Veterans Affairs Canada is set to expand a program designed to give injured veterans priority hiring in the public service after jobs dried up due to federal cuts, CBC News has learned.

Changes to the program geared to Afghanistan veterans will likely include extending the current two-year eligibility period for medically released soldiers, according to information provided to CBC News Network’s Power & Politics.

Niklaus Schwenker, spokesman for Veterans Affairs Minister Steven Blaney, said the department is currently working on that and other "concrete proposals" to expand the hiring initiatives and boost the number of veterans working throughout the public service.

"Our government is actively working to create opportunities for Canada’s veterans to get a good, well-paid job which we know is an essential part of a successful transition from military to civilian life," he said.

The Public Service Commission, which oversees the program, said cuts to the civil service has meant fewer jobs available for vets.

"Over the past year, most priority appointments have been of public servants whose jobs have been affected, as they have an entitlement to be appointed ahead of all others under the law," said Annie Trepanier, spokeswoman for the Public Service Commission.

"There has been a corresponding decline in the number of appointments of Canadian veterans who have been medically released. The PSC and Veterans Affairs, which has overall responsibility for policy and programs for Canada's veterans, have been monitoring the situation closely. At their request, the PSC has identified options and provided these to Veterans Affairs for consideration."

Hiring numbers low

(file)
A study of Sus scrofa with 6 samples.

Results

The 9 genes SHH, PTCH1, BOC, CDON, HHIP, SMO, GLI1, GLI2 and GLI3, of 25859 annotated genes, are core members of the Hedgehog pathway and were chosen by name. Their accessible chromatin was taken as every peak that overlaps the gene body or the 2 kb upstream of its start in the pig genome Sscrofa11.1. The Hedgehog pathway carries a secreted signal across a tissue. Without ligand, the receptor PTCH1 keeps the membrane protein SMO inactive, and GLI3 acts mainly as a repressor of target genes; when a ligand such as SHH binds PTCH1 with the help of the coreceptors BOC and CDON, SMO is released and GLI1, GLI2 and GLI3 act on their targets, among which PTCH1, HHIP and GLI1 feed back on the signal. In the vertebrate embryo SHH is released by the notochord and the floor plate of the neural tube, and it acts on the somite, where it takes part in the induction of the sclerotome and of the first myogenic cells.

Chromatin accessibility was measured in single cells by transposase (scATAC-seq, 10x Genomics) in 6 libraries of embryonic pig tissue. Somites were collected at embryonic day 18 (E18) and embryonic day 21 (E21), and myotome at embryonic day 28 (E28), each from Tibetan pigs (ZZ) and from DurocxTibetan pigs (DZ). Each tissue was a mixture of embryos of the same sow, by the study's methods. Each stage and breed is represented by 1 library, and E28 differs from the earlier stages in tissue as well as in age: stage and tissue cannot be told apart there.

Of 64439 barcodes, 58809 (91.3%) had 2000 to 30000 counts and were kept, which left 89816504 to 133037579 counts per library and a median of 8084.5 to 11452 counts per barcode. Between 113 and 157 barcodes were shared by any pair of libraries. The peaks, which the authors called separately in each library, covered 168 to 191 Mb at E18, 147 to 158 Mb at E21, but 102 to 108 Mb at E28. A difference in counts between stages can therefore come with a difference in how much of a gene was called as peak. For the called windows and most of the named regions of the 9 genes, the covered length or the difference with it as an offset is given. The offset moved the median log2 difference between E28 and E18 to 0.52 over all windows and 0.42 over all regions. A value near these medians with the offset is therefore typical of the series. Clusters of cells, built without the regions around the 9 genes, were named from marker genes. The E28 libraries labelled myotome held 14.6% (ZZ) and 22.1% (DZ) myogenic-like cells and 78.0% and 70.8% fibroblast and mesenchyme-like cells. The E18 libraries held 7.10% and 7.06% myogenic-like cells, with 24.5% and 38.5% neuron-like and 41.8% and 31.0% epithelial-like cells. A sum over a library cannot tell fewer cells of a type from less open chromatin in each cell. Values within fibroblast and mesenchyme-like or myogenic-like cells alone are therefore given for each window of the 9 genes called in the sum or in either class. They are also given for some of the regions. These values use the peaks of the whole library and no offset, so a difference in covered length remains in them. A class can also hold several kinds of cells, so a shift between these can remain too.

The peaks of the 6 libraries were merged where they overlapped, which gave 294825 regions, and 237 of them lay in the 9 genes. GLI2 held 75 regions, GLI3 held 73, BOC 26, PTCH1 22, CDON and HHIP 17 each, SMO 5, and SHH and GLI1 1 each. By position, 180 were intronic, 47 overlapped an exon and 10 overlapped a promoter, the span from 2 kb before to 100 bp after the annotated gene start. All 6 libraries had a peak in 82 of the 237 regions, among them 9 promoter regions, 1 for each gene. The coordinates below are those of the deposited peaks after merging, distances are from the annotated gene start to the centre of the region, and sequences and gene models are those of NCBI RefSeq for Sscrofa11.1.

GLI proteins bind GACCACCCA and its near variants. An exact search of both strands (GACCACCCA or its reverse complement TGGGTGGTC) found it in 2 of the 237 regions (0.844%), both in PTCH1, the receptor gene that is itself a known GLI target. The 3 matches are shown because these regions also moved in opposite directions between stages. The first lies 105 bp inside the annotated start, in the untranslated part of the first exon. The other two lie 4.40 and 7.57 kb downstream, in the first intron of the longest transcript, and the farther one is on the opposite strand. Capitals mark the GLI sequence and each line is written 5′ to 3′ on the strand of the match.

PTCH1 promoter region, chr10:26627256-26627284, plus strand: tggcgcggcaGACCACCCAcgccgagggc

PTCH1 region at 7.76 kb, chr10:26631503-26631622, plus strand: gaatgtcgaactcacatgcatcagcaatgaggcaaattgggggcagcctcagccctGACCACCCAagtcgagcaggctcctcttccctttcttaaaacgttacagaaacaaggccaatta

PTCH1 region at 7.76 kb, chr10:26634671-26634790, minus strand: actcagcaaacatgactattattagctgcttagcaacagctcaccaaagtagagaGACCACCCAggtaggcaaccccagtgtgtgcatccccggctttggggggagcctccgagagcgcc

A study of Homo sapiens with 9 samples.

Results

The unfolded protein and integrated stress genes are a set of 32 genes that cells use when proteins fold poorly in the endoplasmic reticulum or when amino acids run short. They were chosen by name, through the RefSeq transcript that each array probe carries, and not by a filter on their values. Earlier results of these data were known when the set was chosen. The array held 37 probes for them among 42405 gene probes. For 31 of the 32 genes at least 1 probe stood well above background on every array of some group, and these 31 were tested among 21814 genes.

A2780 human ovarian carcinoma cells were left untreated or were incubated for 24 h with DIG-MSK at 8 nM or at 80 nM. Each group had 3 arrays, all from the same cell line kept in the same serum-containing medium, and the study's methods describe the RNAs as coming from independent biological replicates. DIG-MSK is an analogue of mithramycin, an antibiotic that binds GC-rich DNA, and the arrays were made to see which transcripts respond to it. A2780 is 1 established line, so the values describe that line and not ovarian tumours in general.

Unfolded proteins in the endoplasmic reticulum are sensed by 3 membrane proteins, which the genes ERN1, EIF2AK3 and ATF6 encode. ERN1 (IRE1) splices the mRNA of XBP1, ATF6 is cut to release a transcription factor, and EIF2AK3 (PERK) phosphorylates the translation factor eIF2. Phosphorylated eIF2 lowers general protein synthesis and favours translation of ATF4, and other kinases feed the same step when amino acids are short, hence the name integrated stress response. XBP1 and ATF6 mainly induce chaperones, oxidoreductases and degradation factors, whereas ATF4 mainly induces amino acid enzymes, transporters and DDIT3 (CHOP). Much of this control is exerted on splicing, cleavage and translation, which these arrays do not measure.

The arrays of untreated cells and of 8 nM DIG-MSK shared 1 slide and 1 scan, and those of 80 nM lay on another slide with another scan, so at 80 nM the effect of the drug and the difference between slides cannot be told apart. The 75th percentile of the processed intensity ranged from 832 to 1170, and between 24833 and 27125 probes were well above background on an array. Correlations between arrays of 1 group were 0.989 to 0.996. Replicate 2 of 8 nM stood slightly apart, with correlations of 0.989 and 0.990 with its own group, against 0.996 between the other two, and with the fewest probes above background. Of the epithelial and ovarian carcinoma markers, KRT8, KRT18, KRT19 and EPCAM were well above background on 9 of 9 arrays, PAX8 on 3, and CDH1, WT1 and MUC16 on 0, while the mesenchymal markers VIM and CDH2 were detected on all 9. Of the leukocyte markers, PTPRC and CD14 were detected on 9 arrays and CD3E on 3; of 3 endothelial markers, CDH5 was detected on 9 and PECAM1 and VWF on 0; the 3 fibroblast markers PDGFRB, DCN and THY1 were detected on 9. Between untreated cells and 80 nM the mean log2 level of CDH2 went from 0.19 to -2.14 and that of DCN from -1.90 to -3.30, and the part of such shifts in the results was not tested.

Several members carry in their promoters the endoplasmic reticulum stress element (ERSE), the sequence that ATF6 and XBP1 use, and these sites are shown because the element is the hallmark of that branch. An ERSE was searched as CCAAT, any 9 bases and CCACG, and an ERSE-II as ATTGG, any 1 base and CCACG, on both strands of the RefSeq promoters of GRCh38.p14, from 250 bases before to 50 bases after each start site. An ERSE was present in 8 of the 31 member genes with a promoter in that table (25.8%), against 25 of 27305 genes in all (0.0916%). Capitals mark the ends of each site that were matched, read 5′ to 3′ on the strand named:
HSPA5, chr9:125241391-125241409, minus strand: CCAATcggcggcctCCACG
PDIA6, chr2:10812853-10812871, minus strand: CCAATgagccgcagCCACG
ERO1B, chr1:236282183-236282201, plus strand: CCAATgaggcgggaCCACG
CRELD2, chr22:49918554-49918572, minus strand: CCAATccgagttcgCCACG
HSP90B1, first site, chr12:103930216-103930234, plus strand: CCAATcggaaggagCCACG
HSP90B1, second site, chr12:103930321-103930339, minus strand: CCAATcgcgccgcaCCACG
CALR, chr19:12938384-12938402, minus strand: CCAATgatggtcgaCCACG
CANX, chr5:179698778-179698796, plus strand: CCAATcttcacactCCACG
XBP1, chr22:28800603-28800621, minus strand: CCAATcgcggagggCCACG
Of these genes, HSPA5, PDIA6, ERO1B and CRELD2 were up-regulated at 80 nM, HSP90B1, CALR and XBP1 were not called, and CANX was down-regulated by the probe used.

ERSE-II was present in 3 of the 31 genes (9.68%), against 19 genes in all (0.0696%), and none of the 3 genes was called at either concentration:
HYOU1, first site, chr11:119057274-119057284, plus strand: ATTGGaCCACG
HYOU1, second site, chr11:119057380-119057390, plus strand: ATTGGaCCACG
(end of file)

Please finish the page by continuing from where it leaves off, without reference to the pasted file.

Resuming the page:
Only 30 veterans have been hired through the priority hiring program between April 2012 and March 2013, Trepanier said. Thousands of soldiers returned home from Afghanistan physically or psychologically injured — some of them so severely that they had to leave the military.

The program – launched back in 2005 – was designed to aid the transition by giving veterans priority hiring in the public service.

Between the program launch and Sept. 2012, 8,702 Canadian Forces members have been medically released, and about 1,027 have been hired for positions in the public service.

'We shouldn’t be putting them at risk because of a hiring freeze or reducing the size of the public service.'— Liberal Senator Romeo Dallaire

The bulk of them, 741, were at the Department of National Defence while most other departments had hired only a small handful, if any at all, according to the figures obtained by Liberal Senator Percy Downe.

Downe and retired general Romeo Dallaire called it "absolutely critical" to extend the eligibility period because many Afghanistan veterans suffer from post-traumatic stress disorder and need time to stabilize.

"Keeping it limited to two years after they’ve been deemed to be able to be employed without giving them the flexibility of ensuring the depth of the injury is corrected was wrong," he told Power & Politics guest host Rosemary Barton.

"We need more time, and the limitation of the two years is artificial… that two-year restriction is something that comes out of an insurance policy, not out of a policy of wanting to ensure that we’re helping veterans for the length of the possible time that they can be employed."

Dallaire said numbers are low because many departments are not following the policy, there is not enough training to make the ex-soldiers competitive. He also said there should be a provision so that veterans are "moved aside" by other employees affected by cuts.

"We shouldn’t be putting them at risk because of a hiring freeze or reducing the size of the public service," he said.

Helmets to Hardhats — another program launched in September 2012 and designed to help former soldiers find work in trades —has registered 977 veterans and 77 employers and contractors but so far, only 18 jobs have been confirmed filled through the program.